Stevens’ stature reaching mythical proportions


Stevens, one of the few coaches who’ve ever taken his team to back-to-back NCAA tournament title games, watched as his Bulldogs missed 52 of 64 field-goal attempts and set a championship record for lowest field-goal percentage (18.8).

But his team earned the respect of UConn coach Jim Calhoun, whose team also had a miserable shooting night, hitting less than 35 percent of its shots.

“Butler really plays defense,” Calhoun said. “I mean, they really play defense. And we really play defense, and I think eventually our quickness and length got to them, but from a purist standpoint, if you really like defense, take a clip of this game.”

Watching Butler shoot Monday may have been tough, but one had to agree with Calhoun. There wasn’t anything missing in the Bulldogs’ effort. And if it’s possible to lose a game like that with dignity, Butler did it. From Dan Wetzel’s column at Yahoo! Sports:

They talk a lot about the “Butler Way” around here, although no one has a specific definition of it. Mostly it’s about being selfless, not caring who gets the points or the headlines or the accolades. Here on the night of a bitter, bitter defeat, Brad Stevens was reminded it can mean a whole lot more than that.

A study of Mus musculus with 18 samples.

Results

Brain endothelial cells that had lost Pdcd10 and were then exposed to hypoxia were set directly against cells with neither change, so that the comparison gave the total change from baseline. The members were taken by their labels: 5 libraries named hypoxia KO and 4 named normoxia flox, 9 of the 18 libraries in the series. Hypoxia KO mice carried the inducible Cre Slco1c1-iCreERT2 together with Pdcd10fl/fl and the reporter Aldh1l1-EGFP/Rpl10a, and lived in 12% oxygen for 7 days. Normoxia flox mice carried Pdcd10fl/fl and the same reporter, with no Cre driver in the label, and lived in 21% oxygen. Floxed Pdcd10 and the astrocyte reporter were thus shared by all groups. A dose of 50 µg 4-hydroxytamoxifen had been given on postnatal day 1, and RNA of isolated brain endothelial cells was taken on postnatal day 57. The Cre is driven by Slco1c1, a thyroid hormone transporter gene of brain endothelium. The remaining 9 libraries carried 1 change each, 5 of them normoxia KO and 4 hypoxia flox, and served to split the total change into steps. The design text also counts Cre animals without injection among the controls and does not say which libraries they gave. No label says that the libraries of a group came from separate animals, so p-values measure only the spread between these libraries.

“You know if someone has to go 12 of 64 and lose that game and do it that way,” he said, “these guys have the character to handle that.”

That’s a reflection of Stevens and his calm, pleasant demeanor. Perhaps he can’t pull off the impossible – Butler’s been this close to ascending to the top of college hoops the last two years – but there’s still the sense that his teams could do it in the future. From Matt Norlander’s column at CBSSports.com:

And, of course, Stevens is still as great a coach right now as he was Monday afternoon. Don’t let a bad — historically, epically, inexplicably bad — shooting performance alter your vision of what Butler’s about and who Stevens is. He’s still among the youngest coaches to coach in a Final Four; he’s still the most coveted name in college basketball. Any job that opens, he’s still the top candidate.

And just how good will he be? Here’s where we’re entering hyperbole territory. Stevens’ last two NCAA tournaments – he’s a combined 10-2 – raise the possibility among some caches that he may end his career where only one person’s gone before.

Kyle Whelliston from The Mid-Majority caught up with George Mason coach Jim Larranaga at the Final Four, and Larranaga’s assessment couldn’t have been more impressive.

“Brad Stevens.” He drew the words out slowly and reverently, his eyes squinting a bit. “Let me tell you something, Kyle. Brad Stevens is nothing less than the next John Wooden. Think about it. Smart young coach from Indiana, took a small local college all the way to the championship game. Then Coach Wooden got a thirst to test himself at a higher level. At some point, Coach Stevens is going to have that same urge. But he’s never going to leave for the sake of leaving. He’s only going to leave if it’s the absolute right situation. He’s guided not by a hunger for money, but by strong bedrock principles that he lives his life by.”

Wow. Now there’s high praise. Nothing like setting the bar impossibly high for a coach.